The election has been good for the godless
There were a few races I was focusing on as to the gains Atheists are making in the public discourse on elections. First there was the Presidential race. Obama had been attacked for his religious views. First he was a Muslim, another was that his mom was an Atheist, and that he went to a Christian church that was considered too radical because the preacher is Black and gives firey sermons. On the other hand, his opponent rarely went to church but his Christian credential weren't questioned and he allied with a radical fundy who espouses creationism and mocks scientific research. The end result was that people didn't care about Obama's religious affiliation even with high numbers still believing Obama is a Muslim.
The second race was the Senate race in North Carolina between Kay Hagen and Liz Dole. Dole had attacked Hagen for attending a "godless" fundraiser (eventhough it was a coalition fundraiser and Hagen never received any money from a godless PAC). Dole went as far as to claim Hagen is godless and tainted with "godless" money and played ads making is seem like Hagen said there is no god. The ad backfired and Hagen gained in the polls and went on to win.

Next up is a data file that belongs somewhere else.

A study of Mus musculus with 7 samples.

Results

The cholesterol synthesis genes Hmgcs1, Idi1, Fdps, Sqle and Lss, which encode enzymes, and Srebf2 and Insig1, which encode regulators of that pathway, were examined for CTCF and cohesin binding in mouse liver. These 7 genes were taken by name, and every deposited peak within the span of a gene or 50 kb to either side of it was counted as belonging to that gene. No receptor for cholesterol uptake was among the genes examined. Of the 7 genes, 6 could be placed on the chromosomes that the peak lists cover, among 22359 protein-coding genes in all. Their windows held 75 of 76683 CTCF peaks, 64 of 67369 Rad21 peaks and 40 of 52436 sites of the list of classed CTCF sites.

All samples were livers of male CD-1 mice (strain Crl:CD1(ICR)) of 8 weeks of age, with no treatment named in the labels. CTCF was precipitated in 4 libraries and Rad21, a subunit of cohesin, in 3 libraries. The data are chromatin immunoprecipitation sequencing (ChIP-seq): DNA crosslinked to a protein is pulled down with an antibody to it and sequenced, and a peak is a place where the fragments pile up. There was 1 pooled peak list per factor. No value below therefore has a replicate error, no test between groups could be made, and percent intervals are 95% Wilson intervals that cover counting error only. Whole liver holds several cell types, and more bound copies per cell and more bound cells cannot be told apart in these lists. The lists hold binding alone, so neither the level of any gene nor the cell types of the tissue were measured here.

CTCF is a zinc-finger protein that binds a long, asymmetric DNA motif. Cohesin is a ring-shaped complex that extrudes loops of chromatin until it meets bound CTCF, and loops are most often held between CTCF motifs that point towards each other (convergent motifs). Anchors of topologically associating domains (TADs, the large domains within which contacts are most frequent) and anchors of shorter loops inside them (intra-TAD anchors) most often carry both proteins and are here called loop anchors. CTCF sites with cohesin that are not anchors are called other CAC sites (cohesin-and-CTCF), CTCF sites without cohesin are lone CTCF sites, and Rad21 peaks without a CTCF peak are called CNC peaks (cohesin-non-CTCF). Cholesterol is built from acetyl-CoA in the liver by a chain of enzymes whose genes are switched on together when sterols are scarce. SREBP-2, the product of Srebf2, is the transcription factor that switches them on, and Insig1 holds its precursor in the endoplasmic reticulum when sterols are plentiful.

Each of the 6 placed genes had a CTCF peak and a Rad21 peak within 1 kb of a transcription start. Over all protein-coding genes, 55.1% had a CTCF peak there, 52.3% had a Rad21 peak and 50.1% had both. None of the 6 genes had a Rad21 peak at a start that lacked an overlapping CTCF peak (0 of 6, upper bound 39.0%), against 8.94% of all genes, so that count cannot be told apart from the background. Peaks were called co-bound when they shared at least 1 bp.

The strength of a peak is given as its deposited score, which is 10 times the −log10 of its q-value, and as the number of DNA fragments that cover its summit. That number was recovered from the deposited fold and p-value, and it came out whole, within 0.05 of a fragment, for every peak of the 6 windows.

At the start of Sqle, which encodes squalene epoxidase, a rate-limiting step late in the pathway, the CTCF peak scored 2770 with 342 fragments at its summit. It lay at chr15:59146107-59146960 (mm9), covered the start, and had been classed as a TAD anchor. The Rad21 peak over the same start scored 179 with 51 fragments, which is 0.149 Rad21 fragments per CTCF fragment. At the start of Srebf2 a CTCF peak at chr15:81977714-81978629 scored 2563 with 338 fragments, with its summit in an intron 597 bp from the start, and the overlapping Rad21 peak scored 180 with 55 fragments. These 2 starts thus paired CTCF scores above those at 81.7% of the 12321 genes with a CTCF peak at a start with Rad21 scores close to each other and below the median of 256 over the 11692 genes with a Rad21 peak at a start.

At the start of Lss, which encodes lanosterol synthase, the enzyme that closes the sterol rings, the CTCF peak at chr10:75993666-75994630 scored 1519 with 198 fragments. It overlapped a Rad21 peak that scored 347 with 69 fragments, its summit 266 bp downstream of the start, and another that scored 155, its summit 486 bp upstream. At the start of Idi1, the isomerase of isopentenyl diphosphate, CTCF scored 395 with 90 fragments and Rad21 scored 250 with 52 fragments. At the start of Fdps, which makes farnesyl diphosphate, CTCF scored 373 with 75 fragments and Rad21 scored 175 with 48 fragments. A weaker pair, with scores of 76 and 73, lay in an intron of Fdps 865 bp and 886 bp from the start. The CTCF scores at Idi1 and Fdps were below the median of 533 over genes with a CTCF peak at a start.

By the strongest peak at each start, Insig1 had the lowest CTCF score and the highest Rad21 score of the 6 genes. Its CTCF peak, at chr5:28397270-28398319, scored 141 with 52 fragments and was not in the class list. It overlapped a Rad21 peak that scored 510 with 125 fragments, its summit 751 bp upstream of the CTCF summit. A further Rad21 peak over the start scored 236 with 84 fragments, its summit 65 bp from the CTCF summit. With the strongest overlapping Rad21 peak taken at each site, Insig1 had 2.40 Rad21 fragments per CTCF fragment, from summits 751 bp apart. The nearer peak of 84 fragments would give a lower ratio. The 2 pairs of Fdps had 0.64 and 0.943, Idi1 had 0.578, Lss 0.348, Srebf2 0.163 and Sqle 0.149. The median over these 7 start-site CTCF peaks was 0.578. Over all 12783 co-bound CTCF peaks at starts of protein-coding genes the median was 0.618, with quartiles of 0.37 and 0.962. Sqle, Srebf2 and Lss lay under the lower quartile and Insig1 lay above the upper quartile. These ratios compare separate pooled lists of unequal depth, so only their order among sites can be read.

The third election is one that didn't make much headlines. It was the first re-election for Rep. Pete Stark since he came out as an Atheist. He went ahead and won with 76% of the vote, clearly being an Atheist hasn't hurt his chances.
Still I don't think it's safe for Atheist politicians to campaign on the notion that they aren't enslaved by religious dogma but it does show a weakening on the part of the Religious Reich to instantly disqualify a candidate for not towing the Jesus line. I might as well mention the first openly Muslim candidate, Keith Ellison, went on to win re-election with 71% of the vote.
While the non-Jesus candidates are still regulated to the more progressive areas of the country with more and more of them attaining higher office they may eventually spill over into the more moderate sections of the country as religious affiliation no longer becomes a single issue for voters. Hopefully in a couple more decades the voting public will become enlightened enough to avoid the more superficial aspects of a candidate such as skin color, middle names and religious affiliation. In 2012 the Republicans will probably run Romney again and if they stick to their religious bigotry and oust him for being a Mormon and stick with the loonies like Palin then the party will die unless they adapt and become more of an open tent party like the Democratic, Green or Libertarian party.